Elias Tobenkin was the first Jew in America to write a novel celebrating radical politics, but if Witte Arrives is any example, radicalism did not bring the Jews much happiness. Published in 1916 by Frederick A. Stokes, Tobenkin’s lively episodic book chronicles the experiences of a first-generation Russian immigrant who “arrives” in two senses of the word—on American shores, at the door of professional success—without ever managing to overcome his anxiety about either one.
As the novel opens, Emil Witte arrives with his mother and two siblings in Spring Water (a fictional Madison, Wisconsin) to join his father Aaron, who had made the same journey four years earlier. Unlike the other immigrants in town, Aaron has not abandoned his religion. “To stick to orthodoxy here meant to step out of the race for prosperity,” he knows perfectly well, but Aaron refuses to work on the Sabbath, even though it is the most profitable day of the week. He is a man of Jewish learning who gave up a chance at the rabbinate when he married for love instead of advantage. While the other immigrants advance in business, opening their own stores, moving into better homes, he remains a peddler.
His son does not commit the same mistakes—or at least not right away. Something of a Talmudic prodigy back in Russia, Emil impresses his American teachers as a student who “simply absorb[s] things.” Everyone predicts a great future for him—especially his uncle Simeon, who escapes the Czar’s prison in Siberia and makes his way to Wisconsin. He presents Emil with a copy of The Communist Manifesto, and urges him to become a writer so that he can record the “struggles between the masses and their masters.” Simeon explains:
Uncomfortable with a reporter’s question why Jews do not drink very much, Emil becomes a drinking man. Embarrassed by the realization that the derelicts in a flophouse are “men like himself, like his father, like his friends,” he becomes a combination of muckraker and sob sister, banging out front-page stories full of “immense pathos” and “consuming tragedy” about the “drowning world” of Chicago slum life. His articles gain such a following that “richly gowned ladies” are soon driving their limousines through “tenement lanes” in search of the families he writes about. Needless to say, his journalistic triumph does not succor him.
Emil seeks an escape from his inner sense of failure by marrying. Naturally, he chooses a fellow socialist to be his bride. Helen is a Jewish girl who had been arrested for revolutionary activities in Lithuania. Better yet, she owns a well-thumbed copy of the revolutionary pamphlet written by his uncle Simeon. “I want you to treat me as a comrade,” she tells him—“I will not be a millstone about your neck.” He has no idea how serious she is. When she finds that she is pregnant, she undergoes an abortion rather than interfere with his important work. In anger, Emil confronts the physician, who informs him that Helen would have committed suicide if he had not yielded to her plea. “Many self-respecting physicians, like myself, perform such operations not because we relish war on the unborn,” he says, “but in order to save those already living.”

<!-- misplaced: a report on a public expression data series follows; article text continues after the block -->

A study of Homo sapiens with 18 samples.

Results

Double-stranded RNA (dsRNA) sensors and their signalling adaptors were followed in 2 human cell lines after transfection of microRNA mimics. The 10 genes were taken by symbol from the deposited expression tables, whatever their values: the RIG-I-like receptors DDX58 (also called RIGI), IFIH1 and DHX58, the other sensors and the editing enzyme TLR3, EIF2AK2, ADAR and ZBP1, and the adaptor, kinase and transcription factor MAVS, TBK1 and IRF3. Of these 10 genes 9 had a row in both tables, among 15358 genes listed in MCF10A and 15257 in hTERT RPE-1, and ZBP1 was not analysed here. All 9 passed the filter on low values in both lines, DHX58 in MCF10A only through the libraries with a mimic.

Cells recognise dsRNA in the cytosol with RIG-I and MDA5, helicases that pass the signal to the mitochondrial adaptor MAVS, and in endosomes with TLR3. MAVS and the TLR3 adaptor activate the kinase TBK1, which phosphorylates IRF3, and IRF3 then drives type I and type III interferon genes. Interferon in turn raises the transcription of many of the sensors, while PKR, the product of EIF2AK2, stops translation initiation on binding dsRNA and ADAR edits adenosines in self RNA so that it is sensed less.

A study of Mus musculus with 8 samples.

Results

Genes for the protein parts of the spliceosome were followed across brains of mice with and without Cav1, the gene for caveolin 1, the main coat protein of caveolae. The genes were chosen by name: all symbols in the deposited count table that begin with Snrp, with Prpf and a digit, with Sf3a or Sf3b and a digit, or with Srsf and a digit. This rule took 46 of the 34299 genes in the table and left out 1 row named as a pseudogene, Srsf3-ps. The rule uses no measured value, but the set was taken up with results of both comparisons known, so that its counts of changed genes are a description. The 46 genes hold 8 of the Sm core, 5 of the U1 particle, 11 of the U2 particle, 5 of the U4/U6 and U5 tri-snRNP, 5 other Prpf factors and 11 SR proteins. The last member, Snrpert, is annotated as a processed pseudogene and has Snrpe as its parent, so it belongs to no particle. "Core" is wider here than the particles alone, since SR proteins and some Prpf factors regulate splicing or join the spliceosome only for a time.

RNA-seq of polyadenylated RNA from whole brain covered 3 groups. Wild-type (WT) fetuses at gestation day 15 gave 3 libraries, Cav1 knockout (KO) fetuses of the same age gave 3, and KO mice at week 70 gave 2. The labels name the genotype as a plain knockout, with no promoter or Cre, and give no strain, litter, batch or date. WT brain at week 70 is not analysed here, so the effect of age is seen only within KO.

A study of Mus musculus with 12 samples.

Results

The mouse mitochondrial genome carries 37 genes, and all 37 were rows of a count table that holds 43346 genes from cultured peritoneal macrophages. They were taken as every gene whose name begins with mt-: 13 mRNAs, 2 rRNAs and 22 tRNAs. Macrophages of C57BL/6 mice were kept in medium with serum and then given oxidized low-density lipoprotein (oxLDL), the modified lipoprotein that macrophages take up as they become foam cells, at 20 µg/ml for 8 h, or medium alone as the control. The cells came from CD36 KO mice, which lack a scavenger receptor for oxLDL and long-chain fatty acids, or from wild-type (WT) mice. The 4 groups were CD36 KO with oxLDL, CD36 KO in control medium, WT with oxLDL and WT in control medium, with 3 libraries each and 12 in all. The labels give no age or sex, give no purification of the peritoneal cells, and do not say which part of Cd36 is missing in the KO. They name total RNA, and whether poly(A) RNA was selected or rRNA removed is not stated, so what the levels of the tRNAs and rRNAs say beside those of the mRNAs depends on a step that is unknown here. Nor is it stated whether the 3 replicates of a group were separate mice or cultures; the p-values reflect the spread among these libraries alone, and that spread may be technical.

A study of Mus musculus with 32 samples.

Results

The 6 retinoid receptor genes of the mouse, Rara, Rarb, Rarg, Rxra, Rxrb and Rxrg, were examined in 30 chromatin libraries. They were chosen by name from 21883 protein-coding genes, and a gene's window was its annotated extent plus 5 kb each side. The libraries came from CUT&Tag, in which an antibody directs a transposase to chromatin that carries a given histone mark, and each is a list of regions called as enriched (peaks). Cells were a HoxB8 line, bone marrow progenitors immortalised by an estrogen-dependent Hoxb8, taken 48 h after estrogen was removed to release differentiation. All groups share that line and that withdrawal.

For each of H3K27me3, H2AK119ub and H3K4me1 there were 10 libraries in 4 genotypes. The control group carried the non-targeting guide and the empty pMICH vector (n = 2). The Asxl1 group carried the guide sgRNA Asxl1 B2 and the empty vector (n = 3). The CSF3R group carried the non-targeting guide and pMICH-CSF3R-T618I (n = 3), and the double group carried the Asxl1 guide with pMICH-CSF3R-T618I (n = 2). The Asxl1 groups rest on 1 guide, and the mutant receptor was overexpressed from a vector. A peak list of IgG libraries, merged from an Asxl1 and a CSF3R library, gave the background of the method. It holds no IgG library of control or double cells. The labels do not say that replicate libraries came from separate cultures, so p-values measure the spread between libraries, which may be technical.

When Helen dies of Bright’s disease a few years later, after delivering a stillborn child, Emil is convinced that the “violent and unnatural operation” which had ended in the “wanton destruction of what should have been their first-born” is really to blame. He fantasizes of suicide, but the thought of his aged father, now widowed in Spring Water, stops his hand. Instead, he returns home to write a book—a book not unlike Witte Arrives, from the sound of it. His publisher, a Boston brahmin, describes it as a “book of life.” “You must have gone through a lot,” he says—“you must have suffered a lot to be able to write such a book.”
In gratitude, Emil marries the publisher’s daughter. She is a Christian, of course—or at least a Unitarian. (When American Jewish novelists have their protagonists marry a Christian, they choose a Unitarian to soften the blow.) “Yes,” she says, “there is a way out. . . . If men would only see it”—a way out of inner emptiness. “Love—that is the way out,” she croons. “We must all follow the voice of love. . . .” And Emil follows the voice, straight into a different way of life altogether. The sequel finds him writing articles with such an “Emersonian flavor” that none of his readers “would have suspected that they were written by any one not of American birth.”
When it was first published, Tobenkin’s novel was compared favorably to The Promised Land, Mary Antin’s famous autobiography of immigration, published four years earlier. But Witte Arrives is neither so fervent in its affirmation of the American dream nor, finally, about immigration all that much. The Los Angeles Times came much closer in calling it a newspaper novel.
“Many of the newspapermen in town are Socialists,” Emil’s first editor observes. And then as now, socialists just could not believe that the American dream had anything whatever to do with professional success, especially if they were Jewish socialists, especially if they were Jewish socialist writers. They preferred failure and a gnawing dissatisfaction, which at least enabled them, like Emil, to identify with the “poor and disinherited . . . the misunderstood, submerged people of the slums.” In that respect, Witte Arrives is the first testament in American literature to the roots of Jewish radicalism—not in social consciousness, but in social self-consciousness.